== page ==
Photoshop’s Linear Light
The Linear Light blending mode is a combination of Linear Burn and Linear Dodge — but similar to Vivid Light, the combination gives slightly different results.
Let’s first look at the Photoshop definition:
Linear Light: Burns or dodges the colors by decreasing or increasing the brightness, depending on the blend color. If the blend color (light source) is lighter than 50% gray, the image is lightened by increasing the brightness. If the blend color is darker than 50% gray, the image is darkened by decreasing the brightness.
I created an example similar to the one in the last blog. The bottom image has two layers, one set to Linear Dodge and the other set to Linear Burn. In the top image, the same rectangles were combined on one layer and set to Linear Light. The lighter color does brighten the base layer considerably – but not as much as Linear Dodge does; the dark color doesn’t darken the base layer as much as Linear Burn does.
I like using Linear Light to overlay text (or line art) on top of an image for a neat watermark effect. I first add text in a medium grey color (#939393):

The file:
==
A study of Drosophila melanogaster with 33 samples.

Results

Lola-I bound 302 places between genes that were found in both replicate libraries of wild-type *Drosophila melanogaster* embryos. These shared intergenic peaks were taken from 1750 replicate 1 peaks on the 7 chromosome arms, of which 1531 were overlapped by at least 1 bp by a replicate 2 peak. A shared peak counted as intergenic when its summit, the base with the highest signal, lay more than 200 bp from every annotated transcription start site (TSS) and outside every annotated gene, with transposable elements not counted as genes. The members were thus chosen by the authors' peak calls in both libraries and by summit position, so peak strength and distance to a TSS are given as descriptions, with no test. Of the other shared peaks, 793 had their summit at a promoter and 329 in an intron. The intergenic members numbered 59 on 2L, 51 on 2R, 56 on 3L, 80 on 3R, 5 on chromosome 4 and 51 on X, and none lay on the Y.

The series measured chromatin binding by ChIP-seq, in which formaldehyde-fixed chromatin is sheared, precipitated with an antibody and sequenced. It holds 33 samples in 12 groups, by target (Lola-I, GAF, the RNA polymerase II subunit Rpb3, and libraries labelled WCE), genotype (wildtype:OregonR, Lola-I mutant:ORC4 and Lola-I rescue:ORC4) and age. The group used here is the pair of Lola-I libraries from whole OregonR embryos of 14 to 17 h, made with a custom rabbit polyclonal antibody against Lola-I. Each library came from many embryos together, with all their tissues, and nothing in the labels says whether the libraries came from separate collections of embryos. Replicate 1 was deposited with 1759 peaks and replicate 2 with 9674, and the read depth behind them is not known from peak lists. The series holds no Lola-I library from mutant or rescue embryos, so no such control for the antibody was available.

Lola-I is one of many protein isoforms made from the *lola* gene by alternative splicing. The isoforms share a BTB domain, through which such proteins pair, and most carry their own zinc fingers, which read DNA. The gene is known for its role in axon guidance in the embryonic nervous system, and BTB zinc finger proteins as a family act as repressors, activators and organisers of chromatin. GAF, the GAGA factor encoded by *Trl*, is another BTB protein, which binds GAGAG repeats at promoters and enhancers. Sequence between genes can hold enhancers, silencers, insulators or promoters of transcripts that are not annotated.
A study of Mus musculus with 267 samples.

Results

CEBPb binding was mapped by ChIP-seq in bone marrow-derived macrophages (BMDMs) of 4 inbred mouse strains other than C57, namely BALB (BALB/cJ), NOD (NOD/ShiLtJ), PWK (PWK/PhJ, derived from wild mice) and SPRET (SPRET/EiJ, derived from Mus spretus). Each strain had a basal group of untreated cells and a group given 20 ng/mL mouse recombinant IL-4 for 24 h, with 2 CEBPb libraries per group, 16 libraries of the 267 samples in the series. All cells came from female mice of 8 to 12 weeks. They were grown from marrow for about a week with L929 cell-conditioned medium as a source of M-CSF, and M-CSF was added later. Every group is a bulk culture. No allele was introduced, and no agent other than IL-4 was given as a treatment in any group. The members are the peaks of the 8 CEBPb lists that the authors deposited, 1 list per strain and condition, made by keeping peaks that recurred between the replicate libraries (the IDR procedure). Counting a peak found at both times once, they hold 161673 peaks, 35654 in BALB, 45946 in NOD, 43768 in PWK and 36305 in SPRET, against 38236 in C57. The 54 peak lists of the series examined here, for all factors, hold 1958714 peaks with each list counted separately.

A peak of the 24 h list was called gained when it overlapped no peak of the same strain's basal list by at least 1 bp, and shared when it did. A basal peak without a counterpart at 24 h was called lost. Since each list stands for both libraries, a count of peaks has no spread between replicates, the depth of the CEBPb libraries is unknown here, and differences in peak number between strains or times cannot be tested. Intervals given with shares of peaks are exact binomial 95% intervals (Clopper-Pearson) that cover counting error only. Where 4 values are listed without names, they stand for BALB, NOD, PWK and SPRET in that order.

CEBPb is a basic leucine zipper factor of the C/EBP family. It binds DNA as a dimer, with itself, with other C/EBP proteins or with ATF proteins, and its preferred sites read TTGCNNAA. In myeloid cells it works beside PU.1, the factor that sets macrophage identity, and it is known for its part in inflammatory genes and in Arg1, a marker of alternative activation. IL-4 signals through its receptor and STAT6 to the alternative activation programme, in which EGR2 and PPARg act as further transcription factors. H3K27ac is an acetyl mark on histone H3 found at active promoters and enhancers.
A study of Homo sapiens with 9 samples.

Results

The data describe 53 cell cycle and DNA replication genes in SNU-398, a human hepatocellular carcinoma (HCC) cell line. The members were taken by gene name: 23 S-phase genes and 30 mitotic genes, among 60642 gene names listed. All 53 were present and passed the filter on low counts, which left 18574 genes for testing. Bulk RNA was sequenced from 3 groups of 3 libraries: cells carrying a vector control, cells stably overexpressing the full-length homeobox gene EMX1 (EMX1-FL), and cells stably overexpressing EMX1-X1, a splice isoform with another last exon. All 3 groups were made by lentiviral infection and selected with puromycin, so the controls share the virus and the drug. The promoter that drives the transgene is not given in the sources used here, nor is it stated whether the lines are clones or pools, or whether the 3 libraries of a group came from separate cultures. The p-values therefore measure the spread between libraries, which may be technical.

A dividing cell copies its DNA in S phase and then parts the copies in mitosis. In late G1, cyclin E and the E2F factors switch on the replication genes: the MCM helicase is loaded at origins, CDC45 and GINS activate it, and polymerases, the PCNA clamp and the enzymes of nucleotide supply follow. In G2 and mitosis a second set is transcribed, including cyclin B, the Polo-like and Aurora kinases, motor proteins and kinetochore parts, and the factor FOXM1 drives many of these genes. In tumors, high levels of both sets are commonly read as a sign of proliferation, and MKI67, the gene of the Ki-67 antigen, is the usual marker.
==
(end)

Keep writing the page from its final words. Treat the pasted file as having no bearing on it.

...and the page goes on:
I set this top layer to Linear Light and get this result:
In a similar example, I’ll take a picture of a duck from a neighborhood park and create an ad layout idea for a fictitious duck club. Again, I start with grey text:
Setting the text layer to Linear Light over my duck photo and adding some ad copy results in this:
There is a subtle difference between the picture above (set to Linear Light) and this picture below. In the picture below, I used a white text layer and then set the opacity at 24%.
While there isn’t a huge difference, the Linear Light version helps the big “duck” text to be a little bit subtler; because it’s actually lightening the base layer colors and not simply overlaying them, it acts more as a background element. I would use the white-text-lower-opacity method for text that I want to stand out a little bit more (text that is actually part of the company name, for example), but use Linear Light for text or objects that I want to act more as a background.